Is the grid ready for EV mass adoption?
Do we have what we need for an all-Electric future?
The massive growth of EV availability and adoption is a showcase of the best the technology sector has to offer. Every passing year sees batteries last longer, cars drive more economically, and chargers deliver more power in less time. But while these developments are making individual EVs more energy-efficient, they might not be enough to combat the looming concern over mass adoption: overloading the grid.
A joint study from the Melbourne office of L.E.K. Consulting and fast charger manufacturer Tritium has drawn on EV adoption estimates into 2030 and found a number of potential issues for electricity management in a post-EV Australia. Released in November last year, these findings may soon prove prophetic with demand only continuing to rise.
Supply & demand
The study identified three areas of concern for electricity providers: increased overall demand, higher peak loads, and greater unpredictability. Each of these comes with its own challenges, but a coordinated response from electricity providers and the Commonwealth & State governments could mitigate many of the potential issues.
Most EV owners charge at home in the evenings and at night. This isn’t a problem in-and-of itself, but does increase loads on local grid feeder networks when multiple EVs are charging in the same location, street, or suburb. Unfortunately this is exactly what’s happening; current EV adoption trends suggest a ‘clustering’ effect wherein certain areas have a much higher proportion of EV owners than others. According to study data these clusters, in conjunction with peak evening consumption periods, could threaten the capacity of local grid networks.
With 50% EV adoption and using current Australian infrastructure, L.E.K. & Tritium estimate a 30% increase on local grid loads during peak periods. This kind of rise has the potential to overload some networks, particularly feeder lines in cluster areas (residential power wires and poles).
Thankfully those concerns aren’t as serious for the grid as a whole. Overall demand is not predicted to rise significantly in the near future; even with extremely high adoption rates it will take decades for the current crop of cars on the road to be replaced with EVs. With 50% adoption total grid loads are estimated to increase by approximately 15%, but this change should take long enough to give electricity providers plenty of time to prepare and anticipate future needs.
But they might not be able to prepare for everything. Most EVs today increase household electricity usage by approximately 50%, and that usage is further associated with an increase in overall grid load unpredictability. The extent of this fluctuation is tough to anticipate, and utility providers will have to adapt quickly as EV owners start charging en-masse and at their own convenience.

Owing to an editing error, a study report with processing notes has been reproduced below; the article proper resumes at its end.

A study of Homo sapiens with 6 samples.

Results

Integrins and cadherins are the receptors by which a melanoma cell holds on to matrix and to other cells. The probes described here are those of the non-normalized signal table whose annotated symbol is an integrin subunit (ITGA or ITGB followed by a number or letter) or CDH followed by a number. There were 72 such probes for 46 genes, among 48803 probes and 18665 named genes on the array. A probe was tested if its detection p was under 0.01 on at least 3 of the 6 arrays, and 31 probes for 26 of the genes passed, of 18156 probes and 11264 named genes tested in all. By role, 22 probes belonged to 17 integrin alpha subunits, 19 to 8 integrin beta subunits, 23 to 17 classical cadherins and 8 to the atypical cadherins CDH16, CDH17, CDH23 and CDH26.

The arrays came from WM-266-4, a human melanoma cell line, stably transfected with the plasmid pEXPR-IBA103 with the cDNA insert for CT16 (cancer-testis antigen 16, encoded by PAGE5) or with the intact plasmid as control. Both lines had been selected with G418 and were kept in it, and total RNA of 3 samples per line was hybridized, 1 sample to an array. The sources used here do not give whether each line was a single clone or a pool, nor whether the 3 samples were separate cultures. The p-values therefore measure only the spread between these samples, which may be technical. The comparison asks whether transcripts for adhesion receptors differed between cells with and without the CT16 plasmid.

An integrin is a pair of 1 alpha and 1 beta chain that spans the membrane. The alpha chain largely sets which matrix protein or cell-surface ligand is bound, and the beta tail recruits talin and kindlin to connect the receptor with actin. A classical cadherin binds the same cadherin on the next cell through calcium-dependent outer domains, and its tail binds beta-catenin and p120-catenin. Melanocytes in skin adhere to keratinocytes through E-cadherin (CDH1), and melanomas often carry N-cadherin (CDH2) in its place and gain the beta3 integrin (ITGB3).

A five-step action plan
So we understand the problem, but what can we do about it? L.E.K. & Tritium have laid out five possible avenues to alleviate and potentially eliminate any issues EVs might pose to the grid.
Utilising smart software to manage charging
At JET Charge we’re familiar with the possibilities of smart software, having co-founded Chargefox for integration with EV charging networks nationwide. By monitoring and mitigating charge-rates during peak periods, utility providers could significantly reduce the unpredictability and maximum load that local feeder networks are exposed to. This will allow more EVs to charge within existing infrastructure, as well as helping develop crucial software solutions for private and commercial networks.
Tariffs and demand response programs
Tariffs may sound sinister, but by incentivising off-peak charging, providers can help promote more even grid loading and maintain the local infrastructure keeping our homes powered.
Improving grid information
Access to crucial grid information will allow businesses to most effectively develop and install public charging infrastructure. By telling customers where the grid is strongest (and weakest), providers will help coordinate the efforts of everyone using and working for EVs.
Accessing adjacent opportunities from charging infrastructure
Installing and managing charging infrastructure requires a sizeable investment, so any opportunities to add further benefits should be exploited wherever possible. Adding battery storage to a charging location could reduce stress on the grid during peak periods, even contributing back to it when demand is particularly high.
Collaborating with charging manufacturers
Working with the industry will prove essential for utility providers as EV adoption grows. Whether it’s charging station manufacturers, supplier/installers like JET Charge, or the EV automakers themselves, both consumers and the industry stand to benefit most when we collaborate on efficient solutions.
However we work to solve this problem, it’s clear that proactive action is the best course to making EVs work within the grid. Teething problems like this don’t even have to be an obstacle; the solutions suggested by L.E.K. & Tritium would all contribute to a better charging network regardless of grid limitations. This is an opportunity to plan ahead and create the best possible future.
Do you think the grid can handle EV mass adoption? Is it even something we should be worrying about? Let us know in the comments and be sure to check back regularly at https://jetcharge.nz/blog for more EV industry updates.